Friday Roundup – There’s No Crying in Unemployment, B90X, and More


Attention lovely readers! We at Healthshire will be providing you with a weekly Friday roundup of the latest in mental health news. Let us do all the work and be your one-stop-shop for all things current!

We’ve changed up our Friday Roundup format with less words and more links. Everything you love about our fast-paced world. Let us know what you think!

Friday Roundup – The Latest in Mental Health News

(and other stuff)


No Employment, No Cry

According to U.S. News & World Report, college graduates face an increasing likelihood of dealing with depression after leaving school. This is especially true if students have no structured employment plans. Isolation is a common symptom recent graduates experience when down or depressed. Several factors contribute to developing depression after graduating college, including loss of identity, unreasonable expectations, financial stress, and family pressure. Vicki Hays, director of Counseling and Psychological Services at the University of Michigan, comments on how common depression is among college graduates.

“I think it’s much harder actually leaving college than it is coming to college,” she says. “Leaving is something completely new. For most people, they have not been without the structure of organized education ever in their lives.”

Instagram, Facebook, and Rock&Roll

The Washington Post reports that American teens are drinking less, smoking less, and fighting less, according to a survey conducted every other year by the Centers for Disease Control and Prevention (CDC).  The report also finds, however, that teenagers are spending more time on their computers and phones when it’s not work or school-related. Teens are spending 41 percent of their time on screens today compared to 31 percent in 2011. Increased screen times can isolate teens and distract them from other healthy activities.

Your Brain on Schizophrenia

A study recently published in the American Academy of Child and Adolescent Psychiatry finds cognitive remediation therapy (CRT) as an effective treatment approach for adolescents experiencing cognitive difficulties related to early onset schizophrenia. The study’s researchers, from the Department of Child and Adolescent Psychiatry in Spain found significant improvement in executive functioning and verbal memory post-CRT trials.

Teen SxTinG = 🙁

Middle schoolers who sext are more likely to engage in real-life sex, according to a study recently published in the American Academy of Pediatrics and as reported by U.S. News & World Report.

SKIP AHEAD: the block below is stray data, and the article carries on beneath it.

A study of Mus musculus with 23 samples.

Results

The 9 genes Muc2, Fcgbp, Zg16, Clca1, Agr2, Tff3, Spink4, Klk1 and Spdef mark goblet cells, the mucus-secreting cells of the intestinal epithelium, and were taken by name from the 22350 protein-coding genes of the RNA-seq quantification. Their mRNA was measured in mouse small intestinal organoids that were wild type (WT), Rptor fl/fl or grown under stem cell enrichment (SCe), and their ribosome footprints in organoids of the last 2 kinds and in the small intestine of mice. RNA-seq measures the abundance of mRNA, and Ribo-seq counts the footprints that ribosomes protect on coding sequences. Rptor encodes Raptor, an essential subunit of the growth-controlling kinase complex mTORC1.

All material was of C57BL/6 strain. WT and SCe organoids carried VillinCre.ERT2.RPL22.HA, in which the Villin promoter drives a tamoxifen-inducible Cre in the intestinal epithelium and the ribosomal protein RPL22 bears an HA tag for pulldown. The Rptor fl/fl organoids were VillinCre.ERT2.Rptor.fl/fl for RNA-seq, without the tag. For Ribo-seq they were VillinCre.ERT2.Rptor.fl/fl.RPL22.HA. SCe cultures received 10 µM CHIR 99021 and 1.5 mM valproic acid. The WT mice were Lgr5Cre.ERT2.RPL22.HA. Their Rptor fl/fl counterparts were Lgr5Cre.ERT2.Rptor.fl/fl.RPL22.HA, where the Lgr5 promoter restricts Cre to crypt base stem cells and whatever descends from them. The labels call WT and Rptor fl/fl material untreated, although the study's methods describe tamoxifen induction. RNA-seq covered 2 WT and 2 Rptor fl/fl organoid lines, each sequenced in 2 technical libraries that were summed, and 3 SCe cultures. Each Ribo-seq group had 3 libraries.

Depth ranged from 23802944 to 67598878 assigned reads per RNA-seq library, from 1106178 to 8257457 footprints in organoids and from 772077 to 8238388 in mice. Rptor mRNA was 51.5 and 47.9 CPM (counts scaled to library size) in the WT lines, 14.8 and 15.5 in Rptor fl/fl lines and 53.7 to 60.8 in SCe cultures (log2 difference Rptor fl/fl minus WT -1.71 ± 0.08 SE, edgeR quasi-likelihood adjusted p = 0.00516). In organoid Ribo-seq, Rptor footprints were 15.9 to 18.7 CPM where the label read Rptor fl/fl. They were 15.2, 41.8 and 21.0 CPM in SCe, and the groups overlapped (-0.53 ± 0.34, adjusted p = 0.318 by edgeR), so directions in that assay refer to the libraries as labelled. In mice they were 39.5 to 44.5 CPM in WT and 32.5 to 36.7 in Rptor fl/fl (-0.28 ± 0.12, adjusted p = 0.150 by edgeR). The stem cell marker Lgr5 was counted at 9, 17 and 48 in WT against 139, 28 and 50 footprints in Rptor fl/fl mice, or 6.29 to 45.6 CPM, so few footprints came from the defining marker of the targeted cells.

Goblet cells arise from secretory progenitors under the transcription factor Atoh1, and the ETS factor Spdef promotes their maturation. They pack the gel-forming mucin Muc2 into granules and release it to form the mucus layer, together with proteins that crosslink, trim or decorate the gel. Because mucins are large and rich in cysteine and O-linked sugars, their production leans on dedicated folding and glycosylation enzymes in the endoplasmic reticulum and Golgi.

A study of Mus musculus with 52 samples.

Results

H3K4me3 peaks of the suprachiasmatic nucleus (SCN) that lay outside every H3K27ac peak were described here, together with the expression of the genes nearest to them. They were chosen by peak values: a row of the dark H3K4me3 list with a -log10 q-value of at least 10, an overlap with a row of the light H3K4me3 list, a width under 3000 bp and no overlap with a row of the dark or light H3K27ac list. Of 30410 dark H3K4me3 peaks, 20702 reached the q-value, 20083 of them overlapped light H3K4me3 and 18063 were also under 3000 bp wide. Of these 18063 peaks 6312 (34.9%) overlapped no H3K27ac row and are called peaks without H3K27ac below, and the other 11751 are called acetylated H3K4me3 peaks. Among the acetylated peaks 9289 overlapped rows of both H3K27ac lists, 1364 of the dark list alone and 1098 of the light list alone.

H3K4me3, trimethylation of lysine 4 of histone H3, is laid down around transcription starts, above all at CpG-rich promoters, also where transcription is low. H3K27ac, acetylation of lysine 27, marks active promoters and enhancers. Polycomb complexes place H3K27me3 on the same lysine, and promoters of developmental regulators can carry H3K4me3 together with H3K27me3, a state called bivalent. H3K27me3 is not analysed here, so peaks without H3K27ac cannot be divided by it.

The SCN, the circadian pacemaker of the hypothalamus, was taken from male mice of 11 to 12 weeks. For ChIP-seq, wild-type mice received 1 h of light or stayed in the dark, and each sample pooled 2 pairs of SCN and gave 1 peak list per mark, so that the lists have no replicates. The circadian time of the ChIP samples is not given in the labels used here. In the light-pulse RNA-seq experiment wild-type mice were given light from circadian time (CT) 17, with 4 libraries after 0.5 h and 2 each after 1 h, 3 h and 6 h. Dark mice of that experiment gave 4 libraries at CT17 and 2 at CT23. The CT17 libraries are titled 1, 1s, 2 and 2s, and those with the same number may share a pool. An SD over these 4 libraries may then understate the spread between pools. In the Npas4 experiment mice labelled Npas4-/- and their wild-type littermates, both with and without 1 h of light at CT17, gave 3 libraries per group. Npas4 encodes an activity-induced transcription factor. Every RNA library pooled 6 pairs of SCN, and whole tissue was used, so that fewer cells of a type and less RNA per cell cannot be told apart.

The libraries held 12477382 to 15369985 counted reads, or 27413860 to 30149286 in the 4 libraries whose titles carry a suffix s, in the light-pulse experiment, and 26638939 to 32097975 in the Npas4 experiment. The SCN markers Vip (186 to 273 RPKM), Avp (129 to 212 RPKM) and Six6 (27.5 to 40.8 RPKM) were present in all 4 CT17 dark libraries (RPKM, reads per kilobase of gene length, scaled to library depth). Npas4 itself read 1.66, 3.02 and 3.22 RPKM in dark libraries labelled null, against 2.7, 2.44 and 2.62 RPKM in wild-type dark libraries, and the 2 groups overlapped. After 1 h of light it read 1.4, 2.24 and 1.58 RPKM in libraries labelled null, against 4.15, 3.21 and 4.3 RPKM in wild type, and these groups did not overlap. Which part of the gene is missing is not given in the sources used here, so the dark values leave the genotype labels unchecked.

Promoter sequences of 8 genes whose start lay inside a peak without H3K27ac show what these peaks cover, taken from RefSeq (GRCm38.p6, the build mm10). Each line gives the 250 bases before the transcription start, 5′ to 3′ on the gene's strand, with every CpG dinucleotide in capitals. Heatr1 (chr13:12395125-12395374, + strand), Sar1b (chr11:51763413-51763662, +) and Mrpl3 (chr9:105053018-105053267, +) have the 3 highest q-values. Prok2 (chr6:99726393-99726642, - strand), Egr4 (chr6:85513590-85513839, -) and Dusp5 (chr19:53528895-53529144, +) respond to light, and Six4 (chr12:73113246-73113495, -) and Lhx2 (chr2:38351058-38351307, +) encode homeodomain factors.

Though the phrase itself has been around for only a decade, “sexting” has become a normalized aspect of the technological era. Hearing that older teens and adults are frequently involved in the act of sending and receiving sexually explicit text messages seems as American as apple pie. That the trend has trickled down to younger teens and adolescents, however, is a disturbing statistic. According to US News, a new study finds that younger teen students are actively engaging in sexting, and those who do are six times more likely to report engaging in sexual activity.

Speaking of Sex, Stop Obsessing

A study, recently published in the Journal of Sexual Medicine (who knew?), finds individuals who constantly ponder if their partners love them or if they’re with “the one” may be exhibiting symptoms of a condition known as “relationship obsessive-compulsive disorder (ROCD).” As reported by the Huffington Post, people with ROCD symptoms are less likely to enjoy sex than those who aren’t as questioning.

“This lower level of sexual satisfaction was explained by a decrease in relationship satisfaction — in other words, it seems that ROCD symptoms reduce relationship happiness, which, in turn, affects sex life, the researchers said.”

Beef Up Your Brain: B90X (get it?)

The brain is amazing. I know this. You know this. Brain doctors know this. Do as CNN’s brain specialist, Jaytri Das, suggests and get to know the parts of your brain more thoroughly. Das discusses how increasing knowledge of the way your brain works can increase your brain’s functioning.

Telling Our Stories

It’s important to share your journey with others. In an effort to bring mental illness out of the shadows and reduce stigma, we are especially interested in hearing about you and your stories related to mental health. Be sure to visit Healthshire’s “Telling Our Stories” section. Spend some time reading the stories or submit your own!

This week’s roundup is dedicated to America’s 238th Birthday!